Image: Composite image (clockwise from top left): two chunks of elemental lutetium; beta radiation emitted by a sample of strontium, visualised via a cloud chamber; atomic nucleus emitting alpha radiation; Marie Curie, discoverer of radium. Credit: W. Oelen, CC BY-SA 3.0; Nuledo, CC BY-SA 4.0; Shrriramsughir, CC BY-SA 4.0; Unknown author, Public domain; all via Wikimedia Commons.
Radiotherapy is one of the staple cancer treatments we all know, alongside chemotherapy and surgery. It’s best known as a treatment delivered by an external beam of cell-zapping X-ray radiation.
But did you know that for decades we’ve also been using atomic energy to kill tumours from the inside out – produced by drugs that deliver radiation from patients’ own bloodstreams?
Known clinically as ‘radioisotope’ therapy, these treatments are based on injecting or swallowing radioactive versions of elements, sometimes called radionuclides or radioligands.
A new drug called Lu-177-PSMA is the latest atomic kid on the block, with a major recent paper – co-authored by the ICR’s Professor Johann de Bono – demonstrating promising results in men with advanced prostate cancer.
Lu-177 is a radioisotope, or radioactive form, of lutetium. Like all radioisotopes, each atom of Lu-177 wants to release one or more of its subatomic particles to become more stable. A sample of Lu-177 will divest itself of a stream of electrons – a high-energy form of radiation called beta radiation.
Lu-177 looks a good choice as a potential cancer treatment partly because it delivers a hefty dose of beta radiation but within a relatively small area, of around 2mm – minimising radiation damage to tissues around a tumour.
Ingeniously, scientists localise it to the cancer site by combining it – ‘conjugating’, in drug discovery parlance – with a molecule that attaches to a protein called prostate specific membrane antigen (PSMA), which is found on the surface of prostate cancer cells.
Radium-223 is one of several radioisotopes currently approved for, and routinely used in, cancer therapy. The ICR was instrumental in its development too: a trial led by Professor Chris Parker, Clinical Consultant at The Royal Marsden and Professor of Prostate Oncology at the ICR, proved its effectiveness in late-stage prostate cancer that has spread (or metastasised) to the bones.
Fascinatingly, radium-223’s chemical properties give it an in-built homing ability – from the same chemical group as calcium, which is taken up by growing bones, it’s taken up by metastatic cancer cells in bone. Radium-223 emits alpha radiation, or chunks of two protons bound to two neutrons, which has a relatively short reach.
Radioisotopes of strontium and samarium are also used in the treatment of bone metastases. Strontium sits in the same chemical group as radium and calcium, whereas samarium is one of the so-called actinides – a series of radioactive elements including lutetium and its better-known, more dangerous, cousins uranium and plutonium.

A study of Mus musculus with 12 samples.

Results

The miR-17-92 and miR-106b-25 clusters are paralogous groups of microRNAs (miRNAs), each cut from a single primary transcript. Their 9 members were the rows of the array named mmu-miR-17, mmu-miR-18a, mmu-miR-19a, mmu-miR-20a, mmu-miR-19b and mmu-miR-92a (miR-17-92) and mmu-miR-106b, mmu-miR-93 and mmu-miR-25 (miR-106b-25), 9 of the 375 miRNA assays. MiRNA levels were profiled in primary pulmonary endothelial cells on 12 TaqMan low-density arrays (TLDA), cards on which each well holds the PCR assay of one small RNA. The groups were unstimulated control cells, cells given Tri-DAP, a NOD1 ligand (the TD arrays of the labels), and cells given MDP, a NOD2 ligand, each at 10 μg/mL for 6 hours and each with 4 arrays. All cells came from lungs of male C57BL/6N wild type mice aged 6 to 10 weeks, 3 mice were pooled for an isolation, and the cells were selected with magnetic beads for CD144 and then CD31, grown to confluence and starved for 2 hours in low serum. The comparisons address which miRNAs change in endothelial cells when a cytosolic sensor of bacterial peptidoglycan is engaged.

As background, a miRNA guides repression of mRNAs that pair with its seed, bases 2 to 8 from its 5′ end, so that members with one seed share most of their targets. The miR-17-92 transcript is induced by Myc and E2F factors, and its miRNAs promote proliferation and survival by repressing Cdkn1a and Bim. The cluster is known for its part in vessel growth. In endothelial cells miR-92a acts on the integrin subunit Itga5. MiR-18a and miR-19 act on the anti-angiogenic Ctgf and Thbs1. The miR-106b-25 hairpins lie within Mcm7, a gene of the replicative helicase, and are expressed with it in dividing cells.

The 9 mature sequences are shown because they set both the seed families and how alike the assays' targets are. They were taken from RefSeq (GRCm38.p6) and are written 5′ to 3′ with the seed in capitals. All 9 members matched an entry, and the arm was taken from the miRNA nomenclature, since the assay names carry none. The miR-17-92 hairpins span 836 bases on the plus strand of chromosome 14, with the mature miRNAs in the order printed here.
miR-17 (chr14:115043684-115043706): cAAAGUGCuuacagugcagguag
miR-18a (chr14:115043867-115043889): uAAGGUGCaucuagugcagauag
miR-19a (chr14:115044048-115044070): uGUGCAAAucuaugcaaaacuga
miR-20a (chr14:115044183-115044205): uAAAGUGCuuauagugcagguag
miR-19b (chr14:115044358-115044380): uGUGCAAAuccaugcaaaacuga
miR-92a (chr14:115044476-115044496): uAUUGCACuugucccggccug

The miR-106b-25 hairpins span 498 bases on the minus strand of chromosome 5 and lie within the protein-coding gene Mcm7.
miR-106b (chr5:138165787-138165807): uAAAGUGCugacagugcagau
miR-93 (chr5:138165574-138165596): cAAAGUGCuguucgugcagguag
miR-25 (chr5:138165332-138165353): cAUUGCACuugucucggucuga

Yttrium-90 is used in a type of treatment called selective internal radiation therapy (SIRT), which isn’t widely available on the NHS. This involves injecting radioactive beads directly into blood vessels near a tumour and is used particularly in liver cancer treatment.
Along with radioisotopes of phosphorus, which is now not used generally as a cancer therapy, iodine is one of the oldest radioisotopic cancer treatments. It’s been used in thyroid cancer treatment for more than 80 years, after a famous series of experiments and trials led by researchers at Massachusetts Institute of Technology (MIT).
Iodine-131 is still used as a treatment for thyroid cancers today. As with bone and calcium, the thyroid gobbles iodine at a much greater rate than the rest of the body, so the treatment naturally localises there. Iodine is interesting to medicinal chemists as one of the few non-metallic elements to be used for internal radiation treatment.
A recent paper from researchers in the Joint Department of Physics at the ICR and The Royal Marsden explores a particular issue for treatment with radioactive iodine, which is measuring how much of the radiation is actually absorbed by patients’ bodies.
The same team has led other studies exploring this idea of measuring radiation doses more effectively – known as ‘dosimetry’ – including developing innovative tools like the famous 3D-printed ‘Abdoman’.
… and that’s not all
Several other chemical elements have been used in the past as cancer treatments, or are being explored as experimental therapies.
Our researchers are working on discovering and developing a range of innovative new drugs, from radiopharmaceuticals to immunotherapies, small-molecule drugs to antibody-drug conjugates and newer drug types like PROTACs.
There’s an exciting future ahead in cancer drug discovery and development – whether you’re a chemistry geek or not!